Operation Tempura: What's the $500,000 secret?

Operation Tempura, the $10 million-plus, U.K.-orchestrated, Cayman Islands–financed fiasco, is back — and there’s a lot of “plus.”

The initial special investigation into Cayman police (and one judge) concluded more than four years ago. While there have been long stretches of quietude since then, don’t be deceived: Beneath the surface, Tempura’s hot embers have continued to smolder, threatening to ignite with revelations the U.K. Foreign and Commonwealth Office wants to avoid at any cost — especially if the cost is borne by someone else’s treasury (meaning ours).

The latest news is that the government’s tab exceeded $500,000 just to continue the concealment of records sought in a Freedom of Information request.

For background, Operation Tempura’s former senior officer Martin Bridger filed a complaint over Tempura. That led government to spend $335,000 for U.K. attorney Benjamin Aina to evaluate Mr. Bridger’s complaint. In response to an open records request, former Information Commissioner Jennifer Dilbert then ordered that the Office of the Governor make Mr. Bridger’s complaint and Mr. Aina’s evaluation public. The governor, who didn’t like what he read in Mr. Bridger’s complaint, responded by challenging Mrs. Dilbert’s decision in Grand Court.

There, judge Sir Alan Moses ordered that some of the issues around the court challenge be sent back to the information commissioner for further consideration.

Mrs. Dilbert’s office spent nearly $175,000 to litigate the challenge, including fees for outside local counsel which was assisted by a U.K. attorney. Unknown is how much the Attorney General’s Office (for the governor) spent on its own outside counsel.


Tempura was an operational nightmare, and a financial black hole. The U.K. messed it up and ever since has been covering it up. The ill-fated investigation produced two criminal trials, zero convictions and a $1.275 million settlement in favor of Grand Court Justice Alexander Henderson for unlawful arrest.

Still to be resolved is a behemoth of a lawsuit filed by former Police Commissioner Stuart Kernohan, who lost his job in the debacle.

We know that both the U.K. and Cayman governments have their reasons for covering up Tempura. For example, Mr. Bridger’s complaint names Chief Justice Anthony Smellie, Justice Henderson and Grand Court Justice Sir Peter Cresswell. An additional criminal complaint, also filed by Mr. Bridger, names former Governor Stuart Jack, Attorney General Samuel Bulgin and FCO advisor Larry Covington. That complaint resides with Police Commissioner David Baines but, to date, remains unacted upon.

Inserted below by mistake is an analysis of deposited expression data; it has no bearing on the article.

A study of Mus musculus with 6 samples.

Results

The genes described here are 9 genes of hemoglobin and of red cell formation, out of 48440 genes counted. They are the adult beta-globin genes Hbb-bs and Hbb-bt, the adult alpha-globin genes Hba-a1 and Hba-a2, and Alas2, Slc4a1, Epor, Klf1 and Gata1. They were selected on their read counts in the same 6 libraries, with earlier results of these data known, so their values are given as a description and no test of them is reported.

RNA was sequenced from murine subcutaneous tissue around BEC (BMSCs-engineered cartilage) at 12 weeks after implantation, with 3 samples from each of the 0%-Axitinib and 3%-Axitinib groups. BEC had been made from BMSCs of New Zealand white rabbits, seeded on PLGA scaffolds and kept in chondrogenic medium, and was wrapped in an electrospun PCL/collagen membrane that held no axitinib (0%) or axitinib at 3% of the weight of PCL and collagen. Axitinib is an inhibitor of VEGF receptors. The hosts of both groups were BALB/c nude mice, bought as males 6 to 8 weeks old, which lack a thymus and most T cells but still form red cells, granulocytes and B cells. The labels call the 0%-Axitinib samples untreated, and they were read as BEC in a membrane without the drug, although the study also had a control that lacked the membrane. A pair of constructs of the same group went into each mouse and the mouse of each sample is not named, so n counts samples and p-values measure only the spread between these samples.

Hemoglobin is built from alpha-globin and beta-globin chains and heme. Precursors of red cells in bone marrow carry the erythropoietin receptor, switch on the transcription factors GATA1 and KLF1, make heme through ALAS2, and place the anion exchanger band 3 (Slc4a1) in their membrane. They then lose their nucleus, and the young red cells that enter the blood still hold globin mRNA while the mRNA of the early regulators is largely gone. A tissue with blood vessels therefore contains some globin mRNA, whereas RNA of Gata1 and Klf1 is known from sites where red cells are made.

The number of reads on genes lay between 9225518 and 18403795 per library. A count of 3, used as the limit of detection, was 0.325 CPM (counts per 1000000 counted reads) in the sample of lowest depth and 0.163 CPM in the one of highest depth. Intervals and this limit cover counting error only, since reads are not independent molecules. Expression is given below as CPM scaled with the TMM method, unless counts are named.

The governor’s office argues that releasing Mr. Bridger’s allegations would undermine public confidence in local judges. On the other hand, the information commissioner contends that what is really causing the harm is the “continuing secrecy” around Tempura and the related Operation Cealt.

We fully expect that the shroud over Tempura will eventually be lifted — perhaps not through the legal process but through the journalistic process. Frankly, too many reporters know far too much for the secrets to remain buried much longer.



    This simply shows that the costs of the Judicial Review could have been avoided if one person had decided to cooperate.


    This raises some serious questions about the way the ICO handled the whole appeal. I have a copy of the complete FCO case for non-disclosure as prepared in the UK back in 2011. What it clearly shows is that the arguments put forward by the ICO for disclosure in the Cayman Islands were weak and incomplete because the FCO was simply going to outflank them.

    The question here is why was I shut out of this? Not only did I have the relevant documents needed to properly prepare for the Judicial Review but I also have over 10 years experience, including previous tribunal hearings, of preparing FOI appeals.

    In the wake of what can best be described as yet another expensive post-Tempura fiasco I think there needs to a serious review not only of the role of applicants and appellants in the FOI process but also of the financial implications of pursing matters beyond the appeal stage. Right now the system seems to give the lawyers a blank cheque, with no cap on how much they can bill CIG for their work and that is clearly wrong.

    I hope, to quote one of Duncan Taylor’s favourite phrases, lessons have been learned here but I somehow doubt it.